Today is the 4th of July. And what a quintessential American day it is! It’s a time for picnics, playing on the beach, cookouts and fireworks. This day also affords us the opportunity to reflect on the American Revolution and thank our Founding Fathers for their courage, tenacity and their forward-thinking that gave us a foundation for what we have today
I have a special connection to the American Revolution. My three times great-grandfather was in the thick of it and my older brother, James, was named after him. Lt. James Campen was in the 2nd North Carolina Regiment and entered the conflict in 1777. He was wounded and became a prisoner of war at the Siege of Charleston and on June 14, 1781, he was exchanged to the American Army for a British Officer. On a trip to the National Archives, I found out that he ended his military career as a Captain although I cannot find the dates of his promotion.
It’s wonderful that I could find out these facts about his life, but I wish he’d have kept a diary as I’d like to know who he was and how he thought. What was his personal motivation for joining the revolution? What kind of hardships did he endure? In what ways did the war change him?
But today, I am happy knowing that he was there and lived through the ordeal. And I am grateful for the commitment to freedom that he and his fellow soldiers displayed during those difficult times.
What would my life be like today if he and his compatriots would have made a different choice?
Their efforts not only made a difference here in America, but it impacted countries all over Europe.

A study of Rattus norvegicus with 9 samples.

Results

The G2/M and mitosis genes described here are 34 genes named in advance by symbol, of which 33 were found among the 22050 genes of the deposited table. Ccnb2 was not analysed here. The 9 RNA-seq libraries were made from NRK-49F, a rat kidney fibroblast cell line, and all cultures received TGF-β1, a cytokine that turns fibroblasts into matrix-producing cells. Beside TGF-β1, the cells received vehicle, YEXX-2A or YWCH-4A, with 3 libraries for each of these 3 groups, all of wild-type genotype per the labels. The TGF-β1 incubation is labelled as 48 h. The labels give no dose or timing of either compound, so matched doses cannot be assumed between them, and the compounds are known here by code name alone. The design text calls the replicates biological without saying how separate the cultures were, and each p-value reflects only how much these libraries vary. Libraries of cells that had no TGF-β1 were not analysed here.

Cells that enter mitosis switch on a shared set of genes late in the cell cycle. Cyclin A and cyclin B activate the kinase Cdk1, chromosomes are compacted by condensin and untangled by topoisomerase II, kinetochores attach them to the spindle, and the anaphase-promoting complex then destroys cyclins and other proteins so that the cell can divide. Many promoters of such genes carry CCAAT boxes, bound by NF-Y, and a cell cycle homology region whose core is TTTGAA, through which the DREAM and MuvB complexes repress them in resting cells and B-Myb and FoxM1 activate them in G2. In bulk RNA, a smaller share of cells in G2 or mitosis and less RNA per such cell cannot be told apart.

Many European liberation movements gained momentum as a result of the American Revolution. European revolutionaries held many of the same ideals as the American founding fathers, and consequently associated themselves with the American cause. The most famous case was the French Revolution. While serving as ambassador to France, in Paris in 1789, Thomas Jefferson wrote, “the American war seems first to have awakened the thinking part of this nation in general from the sleep of despotism in which they were sunk.” Our example also motivated Ireland to demand more freedoms from Great Britain. In Italy, our example inspired nationalists in Italy to unite the city-states under a republican government, and Germany attempted to establish a constitutional monarchy.
How different would the world be if we would have left well-enough alone and not fought for freedom?
Because of our forefathers, we as Americans are able to declare with one voice that: "We hold these truths to be self-evident, THAT ALL MEN ARE CREATED EQUAL; that they are endowed by their Creator with certain unalienable rights; that among these are life, liberty, and the pursuit of happiness."
My grateful thanks to my three times great grandfather, James Campen, and ALL who risked their lives, their sacred honor and fortunes so that I, and my descendants may enjoy living in a land of the free and home of the brave!